The world outside

In the final part of Krystof Kieslowski’s Three colours trilogy, Red, there is a dazzling opening sequence in which the camera follows red cables from the starting point of a phone call made in Geneva through switches and under the sea to England, only for the call to be rebuffed at the last by the flashing red light of a busy telephone.  It’s imagery that ‘The wires’ by Rachael Dadd from her new album The world outside is in a cupboard brings to mind.  Wires are also what puppeteers use to manipulate their creations – another recurring theme of Kieslowski’s films – but here I think we’re talking about wires and distance, like the ‘Lines running north’ that the young Del Amitri sang about.  ‘The wires’ has all the elements that go to make up the best of Rachael Dadd’s songs – the trueness of the singing voice, the rising, reaching melody and harmonics, the gentle dynamics which occasionally engulf you, and unsparing personal observation.  In its execution, though, this song alone establishes a connection to the way Minnesotan trio Low make their music – there is that same purity of purpose.

Listening to ‘The wires’ I can’t help thinking of Red; listening to the rest of The world outside…, I can’t help thinking of a record called Blue, a record I admire more than like, for all the listening I’ve given it.  But The world outside… is a warmer kind of self-portrait than Joni Mitchell’s, though it travels from January blues to the autumnal end of a day’s work, from fear and bravery to a state of golden-maned happiness.  The last is a token of an engagement with the natural world that belies the album’s title, for throughout, there’s a weight of animal threatening to burst out of the cupboard, or into the world.  Not unconnected with this, there are moments – ‘And when I cannot dream’ is one – where The world outside… comes close to the mellifluous, pain-tinged joy that Tim Buckley perfected on Blue afternoon.

But Rachael Dadd is obviously not in thrall to the blues of Tim or Joni any more than she could be to the red of Kieslowski.  Though her music occasionally tips its hat to tradition, hers is folk music which is not mired in the past.  It has the quality of, if not timelessness, then the closest any of us mortals can come to that, either as listeners or music-makers.  She shows no sign of the quirkiness which undoes some who do things the Fence Records way.  The world outside… may not be pop in its immediacy, but it is immediately affecting.  Like her recordings with Kate Stables and Virpi Kettu as Whalebone Polly, it doesn’t necessarily imprint itself on first listen, but instead floats and flies free.  Listening brings its rewards.  Songs like ‘Caught in the weight’, ‘Hawk for a heart’ and ‘The party’ share unassuming beginnings, but where they travel melodically and harmonically remains surprising.  Her music retains the simple acoustic warmth of previous releases, though added now are loops and rumbles of piano, while ‘Ships’ has a metronomic beat and ‘Bold bear’ an electric guitar; but at root there is a familiar and welcome sense of space.  To my ears Rachael Dadd is more Leaf than Fence, with a musical sensibility as fine-tuned and essence-seeking as Colleen, although the latter is a composer of quite distinct minimalist instrumental pieces.  There is even a resemblance between the artwork for Everyone alive wants answers and The world outside is in a cupboard.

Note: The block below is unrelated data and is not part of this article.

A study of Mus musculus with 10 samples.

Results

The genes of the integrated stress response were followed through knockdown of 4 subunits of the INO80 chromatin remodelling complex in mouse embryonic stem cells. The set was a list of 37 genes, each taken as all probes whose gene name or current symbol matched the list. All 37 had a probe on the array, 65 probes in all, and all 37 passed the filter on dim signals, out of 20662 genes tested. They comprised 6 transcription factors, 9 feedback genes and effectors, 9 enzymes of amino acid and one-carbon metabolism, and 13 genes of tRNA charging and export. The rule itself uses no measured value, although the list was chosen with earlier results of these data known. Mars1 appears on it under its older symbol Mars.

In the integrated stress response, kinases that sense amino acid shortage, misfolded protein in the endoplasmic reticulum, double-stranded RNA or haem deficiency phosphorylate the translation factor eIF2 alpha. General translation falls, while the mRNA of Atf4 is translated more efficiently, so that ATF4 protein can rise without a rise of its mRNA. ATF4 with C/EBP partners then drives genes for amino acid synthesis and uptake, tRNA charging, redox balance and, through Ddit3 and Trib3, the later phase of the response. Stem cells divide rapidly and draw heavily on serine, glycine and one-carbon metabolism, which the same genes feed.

Rachael Dadd never pretends to be something she isn’t.  There is no bar code on this CD.  In as far as it’s possible for it to be so, this is music unaffected by the commercial processing of the music business.  You can’t get The world outside… on Amazon (instead you need to go here, from where it’s but a short hop to the Hand – Rachael in combination with kora wiz Wig Smith – whose excellent Berries from the rubble EP is also well worth hearing).  That’s alternately frustrating and partly why the music of Rachael Dadd appeals as much as it does.  I hope her audience continues to grow, slowly but surely.